Important Features For A Photographer’s Laptop


Important Features For A Photographer's Laptop

I like to take photos now and then. Camera is essential, but so is a laptop – without the computer,  photos wouldn’t get the final touch and might look worse (however, there’s also a school of thought that prefers straight out of camera shots, called SOOC). Recently, I’ve been thinking not only about the photos itself, but the perfect notebook for an aspiring shutterbug as well. On this article, I list a few features I consider important in a photographer’s laptop.

Look For Full HD Display, At Least

The photos that come out of your camera are probably big in resolution. They are likely at least 4500 pixels wide and 3000 pixels tall, if talking about landscape-oriented shots. So, if you have a budget laptop with lower resolution like 1366×768, what will happen? You can not fit the full sized photo to the screen, not even close. Depending if you are an amateur or professional photographer, and how closely you want to work on the photos, you want at least Full HD (1920×1080) resolution to accommodate your images better on the screen. If you are serious, and perhaps looking to have several photos open on the display simultaneously, you might even want to splurge on a 4K (4096×2160) display.

Another important thing in the screen is the panel type. Cheaper displays often have TN (Twisted Nematics) panels that are, well, inexpensive but also have poorer color reproduction and narrow viewing angles. What you, as a photographer, would like to have, is IPS (In-Plane Switching) panel, which brings more accurate colors, an obvious plus for working with photos. Also viewing angles are almost 180 degrees as measured from sides, so if you are working with a team or just want to show your photos on the screen to a bigger audience, these wide viewing angles are an advantage.

High Performance Means Lag-Free Photo Editors

Most likely, a photographer will use his laptop to enhance, edit or retouch the image before publishing it. For these activities, a photo editing software is required. Most popular ones come from the Adobe family: the Lightroom and the Photoshop. Broadly speaking, the difference between these two is that Lightroom can not be used to retouch (remove or add artifacts) while Photoshop can. Nonetheless, these programs require more performance than your web browser, so be prepared to invest in a laptop that has Intel Core i3, or even better, i5 processor. Also, Photoshop is a notorious memory hog, so having 8 gigabytes of RAM or even more is a smart move.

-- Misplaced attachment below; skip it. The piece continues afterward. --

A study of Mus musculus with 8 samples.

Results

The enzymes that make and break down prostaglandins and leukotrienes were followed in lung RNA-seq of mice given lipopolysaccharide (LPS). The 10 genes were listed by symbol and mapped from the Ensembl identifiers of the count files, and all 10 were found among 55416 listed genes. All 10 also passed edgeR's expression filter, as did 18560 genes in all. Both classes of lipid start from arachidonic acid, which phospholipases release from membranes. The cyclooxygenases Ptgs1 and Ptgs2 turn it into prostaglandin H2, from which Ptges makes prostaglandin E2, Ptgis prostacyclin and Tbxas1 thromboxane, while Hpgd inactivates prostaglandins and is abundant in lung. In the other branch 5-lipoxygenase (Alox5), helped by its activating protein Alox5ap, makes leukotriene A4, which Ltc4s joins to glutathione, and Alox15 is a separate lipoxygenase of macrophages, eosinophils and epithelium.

Another thing you should consider is the size of your photos, in megabytes. If you’re serious about photography you will be uploading raw images from your camera and edit them for the best end result. Well, these raw files are rather big, around 15-20 megabytes each. Compare that to JPEG snapshots from point and shoot cameras that are less than a megabyte. So, you will need plenty of room for your photos; for that, a hard drive with terabyte space is a good choice. On the other hand, you can also benefit from the performance a solid-state drive brings. Hence, you could even look for a laptop that has both drives installed (or install one yourself later, if the notebook has free interface for that).

Important Features For A Photographer's Laptop

Traveling Photographer? Battery Life Is Of The Essence

Many photographers like to travel and take photos of cool places. This often means long flights or train or car trips, and hotels and short-term apartments with unfortunately situated power sockets. If you want to put your time to good use, you might want to edit the photos already on your travels, and if you can not get electricity out of the wall, what should you do? Choose a laptop with battery life more than the typical three or four hours. This way, you don’t need to find and use the charger cable all the time, but can work for a day with the battery and put the notebook to charge for the night.

One thing must be said about the battery life; often, high performance and high battery life are not found in the same laptop, but both are rather desirable qualities for a photographer. So, which one to choose? The answer is obviously connected to your personal preferences, but in general, I would say battery life trumps performance. You don’t need too high-end a laptop, like a gamer’s notebook with bleeding-edge performance only to see the battery lasting for a measly hour or two. A good combination of solid battery life and performance is often found in ultrabooks costing between 700 and 1000 dollars.

Choose A Compatible Memory Card Reader Too

To actually get the photos from your camera to the laptop, you will to use either memory card reader or USB cable with the notebook. USB is everywhere, so is memory card reader; but concerning the latter, make sure the card reader on your laptop accepts the type of card your camera uses to save the photos on. Essential is the form factor of the card reader: some laptops only support microSD cards while your camera might use full-sized SD cards. In this case, you would need to use an adapter which is an extra hassle. So my advice is, choose a notebook with memory card reader that takes the camera’s memory card without an adapter.

In my opinion, any mid-range (or above) notebook is more than sufficient for photographing. The biggest issue is probably the display; when you are editing photos daily, you want the screen to be decent looking and have resolution high enough. Performance should not be forgotten either – some photo editing software are quite resource-intensive, which means you’re looking at a laptop with Core i3/i5 processor at least. Naturally, if you are traveling, a solid battery life will be a life saver on flights or train trips. If you don’t know where to start, this ZenBook is a good option (a personal recommendation, as I have a slightly older version myself!)